Authors: Edward F. Wright, Gary D. Klasser
Lately, clinicians have faced various forms of TMDs. Additional proof to that is the Manual of Temporomandibular Disorders, 4th edition by professors Edward F. Wright, University of Texas, USA and Gary D. Klasser, Louisiana State University, USA.
The manual has 6 parts, accompanied by a glossary of terms and an index.
The introduction defines the cardinal signs and symptoms of TMD, stating that approximately 33% of the population has at least one TMD symptom, while 3.67% have severe TMD which causes patients to seek care.
Part I, Initial Evaluation, presents a patient interview, a review of the “Initial Patient Questionnaire”, clinical examination, imaging, TMD diagnostic categories, contributing factors.
Part II, Common Acute TMD Conditions and Therapies, describes TMD secondary to trauma, TMD secondary to dental treatment, lateral Pterygoid spasm, intermittent and continuous forms of TMJ disc displacement without reduction with limited opening and TMJ subluxation and luxation.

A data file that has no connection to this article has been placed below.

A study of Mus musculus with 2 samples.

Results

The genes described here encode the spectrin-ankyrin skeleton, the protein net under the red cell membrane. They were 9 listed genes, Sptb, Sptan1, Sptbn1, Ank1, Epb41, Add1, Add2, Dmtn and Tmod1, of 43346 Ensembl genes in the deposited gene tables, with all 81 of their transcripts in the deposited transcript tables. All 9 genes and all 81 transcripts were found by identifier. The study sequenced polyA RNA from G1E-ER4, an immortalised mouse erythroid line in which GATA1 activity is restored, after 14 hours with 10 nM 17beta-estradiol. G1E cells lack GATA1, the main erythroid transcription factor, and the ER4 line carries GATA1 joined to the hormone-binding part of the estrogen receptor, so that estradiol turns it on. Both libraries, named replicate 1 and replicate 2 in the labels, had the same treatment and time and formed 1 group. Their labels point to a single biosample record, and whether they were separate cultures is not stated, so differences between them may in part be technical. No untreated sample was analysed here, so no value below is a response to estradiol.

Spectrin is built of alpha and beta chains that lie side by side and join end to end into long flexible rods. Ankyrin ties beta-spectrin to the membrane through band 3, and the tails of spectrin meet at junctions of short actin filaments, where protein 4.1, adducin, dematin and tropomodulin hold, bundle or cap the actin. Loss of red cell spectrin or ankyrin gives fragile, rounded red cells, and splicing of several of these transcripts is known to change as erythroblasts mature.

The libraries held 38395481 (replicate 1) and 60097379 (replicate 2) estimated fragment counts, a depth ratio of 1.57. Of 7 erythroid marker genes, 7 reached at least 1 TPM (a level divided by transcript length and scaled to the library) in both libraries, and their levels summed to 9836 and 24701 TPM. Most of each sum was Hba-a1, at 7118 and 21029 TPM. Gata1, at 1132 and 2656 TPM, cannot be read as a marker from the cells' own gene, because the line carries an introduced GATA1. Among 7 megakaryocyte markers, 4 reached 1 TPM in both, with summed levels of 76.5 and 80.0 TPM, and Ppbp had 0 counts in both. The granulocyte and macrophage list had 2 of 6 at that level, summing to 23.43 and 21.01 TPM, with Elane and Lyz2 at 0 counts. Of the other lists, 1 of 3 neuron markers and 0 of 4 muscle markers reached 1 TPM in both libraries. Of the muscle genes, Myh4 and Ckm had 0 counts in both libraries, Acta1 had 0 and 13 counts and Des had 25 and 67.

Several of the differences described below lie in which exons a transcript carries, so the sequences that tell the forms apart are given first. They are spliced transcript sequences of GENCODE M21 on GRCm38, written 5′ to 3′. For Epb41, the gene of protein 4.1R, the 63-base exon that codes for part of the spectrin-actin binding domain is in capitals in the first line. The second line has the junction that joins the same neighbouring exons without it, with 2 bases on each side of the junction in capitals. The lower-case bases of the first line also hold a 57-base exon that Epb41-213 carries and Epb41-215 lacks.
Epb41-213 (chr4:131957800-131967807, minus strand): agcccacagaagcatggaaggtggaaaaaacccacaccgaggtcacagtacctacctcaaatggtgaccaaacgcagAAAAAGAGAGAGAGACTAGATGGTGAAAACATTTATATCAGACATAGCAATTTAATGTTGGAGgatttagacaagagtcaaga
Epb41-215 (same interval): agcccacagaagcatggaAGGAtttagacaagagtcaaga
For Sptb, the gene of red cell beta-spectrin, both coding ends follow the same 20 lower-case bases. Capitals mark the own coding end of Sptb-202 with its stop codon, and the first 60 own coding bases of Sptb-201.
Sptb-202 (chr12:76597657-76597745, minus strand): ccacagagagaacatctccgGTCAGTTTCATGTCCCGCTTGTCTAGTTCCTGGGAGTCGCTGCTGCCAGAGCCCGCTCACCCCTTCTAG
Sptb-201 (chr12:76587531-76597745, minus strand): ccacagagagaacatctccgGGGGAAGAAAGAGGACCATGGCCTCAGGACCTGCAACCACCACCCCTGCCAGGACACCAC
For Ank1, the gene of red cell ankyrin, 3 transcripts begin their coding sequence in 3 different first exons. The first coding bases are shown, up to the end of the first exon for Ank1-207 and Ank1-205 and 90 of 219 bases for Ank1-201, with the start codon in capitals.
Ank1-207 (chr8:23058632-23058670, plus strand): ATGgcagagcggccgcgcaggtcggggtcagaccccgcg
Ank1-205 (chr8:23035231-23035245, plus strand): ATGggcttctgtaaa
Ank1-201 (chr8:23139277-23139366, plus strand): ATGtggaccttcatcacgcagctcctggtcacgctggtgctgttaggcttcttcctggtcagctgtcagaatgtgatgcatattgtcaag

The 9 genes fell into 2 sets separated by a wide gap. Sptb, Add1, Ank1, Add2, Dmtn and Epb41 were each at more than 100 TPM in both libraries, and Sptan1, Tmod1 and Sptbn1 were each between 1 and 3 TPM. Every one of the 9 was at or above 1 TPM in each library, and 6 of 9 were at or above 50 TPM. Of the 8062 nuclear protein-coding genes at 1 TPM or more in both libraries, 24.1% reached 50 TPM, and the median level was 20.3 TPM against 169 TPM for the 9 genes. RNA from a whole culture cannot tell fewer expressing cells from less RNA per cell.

Part III, Occlusal Appliance Therapy, describes and exemplifies stabilization appliance and anterior positioning appliance.
Part IV, Multidisciplinary Management Approach, addresses self-management therapy, physical medicine, cognitive-behavioral intervention, pharmacological management, other dental procedures, integrating multidisciplinary therapies.
Part V, Case Scenarios, presents 20 clinical cases, from the simplest, symptomatic irreversible pulpitis mimicking TMD symptoms, to the most complex, appliance that positioned condyles into their “proper position”.
Part VI, Fundamentals of Clinical Studies, synthesizes study designs, from case reports to Randomized Controlled Trial (RCT) and other types of publications.
Each chapter is accompanied by an explicit iconography, but also by the last references on the approached subject. To better understand the book, the authors developed a companion website on patient handouts, examples and additional TMD information.
The book is a good source of information on the field, very clearly written, targeting general dentists, dental students, residents and other practitioners, tempted to effectively address TMD patients.